Tuesday, January 22, 2013

Why Talent Management is NOT a Zero-Sum Game

During the course of my regularly scheduled research last week I ran across an article that immediately got me fired-up from the title alone. Tim Sackett’s post ‘When It Comes to Talent Management, It’s Just a Zero Sum Game’ on TLNT, sent an all too familiar chill down my spine and had me looking for something on which I could inflict some damage. (Okay, so maybe it wasn’t that dramatic but you get the point.) The idea that talent management is simply taking someone from one place to fill an opening in another is so basic and archaic, that it really invokes that kind of passionate response every time I hear the sentiment.

After the dust settled and I read the rest of the article, I had calmed down and realized that Mr. Sackett had some valid points. I do agree organizations need to find a balance between funding with regard to attracting, succession planning and training of their workforce rather than spending the most money and effort on candidate attraction.

The problem is that I vehemently disagree that we have to convince hiring managers and whole organizations that the current market is a Zero-Sum Game. The idea devalues what a true workforce solutions team does.

Companies like Microsoft and Google sprung to being in an industry that was created out of garages, through innovation and a pioneering spirit. If talent management was Zero-Sum, they wouldn't exist as they both created a previously unknown talent pool need and filled it.

The majority of the people they initially employed were home grown talent because frankly there was no company doing what they did. It was an entirely new ‘thing’ created out of nothing. They may have taken some college kids out of a classroom to put them to work early, or stolen a drive-thru clerk passionate about BASIC and FORTRAN away from a fast food joint; it was hardly a Zero-Sum Game; it was a Human Development Game.

People can be developed, trained, motivated, and unmotivated.  We do need to convince hiring managers of the value in taking someone that can do 95-percent of what they need now and developing the other desired 5-percent in-house. We also need to convince them that they do not have the luxury of the 3-5 year IT wizard or engineer any longer. They will have to start hiring out of colleges again; investing time in developing curricula with educators to fill their needs. Some of our most successful candidates are those ‘95-percenters’ because they have a desire to learn the other 5-percent and have loyalty to the company that provides it.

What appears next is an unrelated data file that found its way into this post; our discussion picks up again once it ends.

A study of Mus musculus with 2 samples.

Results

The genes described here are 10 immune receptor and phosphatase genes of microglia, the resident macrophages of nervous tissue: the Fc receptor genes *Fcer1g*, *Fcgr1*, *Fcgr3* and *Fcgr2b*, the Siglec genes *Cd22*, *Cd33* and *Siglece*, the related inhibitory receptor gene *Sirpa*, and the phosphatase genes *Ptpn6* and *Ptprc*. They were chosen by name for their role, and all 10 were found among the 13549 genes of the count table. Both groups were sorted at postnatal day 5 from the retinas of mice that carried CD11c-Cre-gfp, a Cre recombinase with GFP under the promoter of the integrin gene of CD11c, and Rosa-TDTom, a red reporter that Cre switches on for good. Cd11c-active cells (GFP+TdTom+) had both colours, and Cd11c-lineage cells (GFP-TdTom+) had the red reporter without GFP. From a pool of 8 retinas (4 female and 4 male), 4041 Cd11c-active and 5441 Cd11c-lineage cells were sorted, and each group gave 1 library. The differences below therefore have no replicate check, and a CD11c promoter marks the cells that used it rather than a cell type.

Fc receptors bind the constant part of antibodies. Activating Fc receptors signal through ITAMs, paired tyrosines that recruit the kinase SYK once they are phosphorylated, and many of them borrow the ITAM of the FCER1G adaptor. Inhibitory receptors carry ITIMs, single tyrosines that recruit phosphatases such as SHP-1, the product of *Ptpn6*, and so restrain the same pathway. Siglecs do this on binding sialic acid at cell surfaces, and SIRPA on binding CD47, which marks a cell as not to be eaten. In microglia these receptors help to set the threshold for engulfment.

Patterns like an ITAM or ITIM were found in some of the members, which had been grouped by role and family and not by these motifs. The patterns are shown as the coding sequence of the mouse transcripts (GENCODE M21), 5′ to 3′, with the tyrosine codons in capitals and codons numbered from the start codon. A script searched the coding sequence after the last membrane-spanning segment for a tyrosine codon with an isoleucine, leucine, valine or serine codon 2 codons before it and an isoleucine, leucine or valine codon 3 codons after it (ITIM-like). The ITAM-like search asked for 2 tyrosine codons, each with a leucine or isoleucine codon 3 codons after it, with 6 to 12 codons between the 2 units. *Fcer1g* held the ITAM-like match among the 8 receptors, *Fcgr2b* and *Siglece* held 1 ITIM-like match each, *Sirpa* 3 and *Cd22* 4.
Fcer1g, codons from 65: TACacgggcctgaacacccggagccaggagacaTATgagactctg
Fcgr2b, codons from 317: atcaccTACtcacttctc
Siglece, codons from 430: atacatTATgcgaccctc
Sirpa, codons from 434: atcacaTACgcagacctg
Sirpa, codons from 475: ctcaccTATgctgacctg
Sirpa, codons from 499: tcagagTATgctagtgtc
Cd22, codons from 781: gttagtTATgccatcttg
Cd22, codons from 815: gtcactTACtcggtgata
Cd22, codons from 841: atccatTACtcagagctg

It's not zero-sum.  It's not a shell game.  It's the game of life as it pertains to business and it's our job in recruiting to help companies realize the best talent to develop, and to help candidates find the next step in their path.  So much more can be gained working together; with hiring managers, HR, talent development, and candidates for a mutually beneficial outcome. There doesn’t have to be a clear cut winner and loser when it comes to talent management.

Here’s a simple analogy to demonstrate the point further:

The Biggest Loser, a popular US television reality series, is a competition whereby, in theory, everyone comes out a winner. The goal is to get healthier through weight loss, nutritional changes and exercise. At the shows close, there is ultimately a grand prize winner but, there was no cause to which they had to take from another to come out on top. Nearly every contestant seems to walk away from the program better for it, even the non-prize-winning losers. That's kind of how how I view talent management and recruitment.

If you're engaging a ‘passive’ candidate, chances are they aren't engaged with their current company for any number of reasons. They are likely dragging down their current company in some way because of this sense of disengagement. In hopes of a brighter future, they are willing to talk to you about a new position with growth potential either economically or professionally.

The losing company actually wins because they have offloaded someone who was probably producing at a level below their potential. The hiring company wins because they're getting an employee who is reinvigorated and engaged. The candidate wins for obvious reasons. The recruitment firm wins because they provided value to both customers of their services and were paid for the match.

To me, calling recruitment and talent management a Zero-Sum Game; that cynicism that removes the exact value from staffing that we bring; is simply inaccurate. If you are truly invested in the job at hand, then you’re looking to help the organization and the candidate grow. If you’re good at filling both customers’ new needs; creating a value proposition along the way; you simply cannot look at the game mathematically. There is so much to be gained from looking beyond the 'perfect' skill set to find out what real potential lies within a candidate or in an opportunity. Humans aren't dollars, or market share, and therefore can't be zero-sum. 
Just ask Microsoft and Google.

Josh Kaplan writes on various subjects including management, information technology breakthroughs, healthcare IT recruitment and innovations, big data, IT staffing and recruitment, and technical news and trends.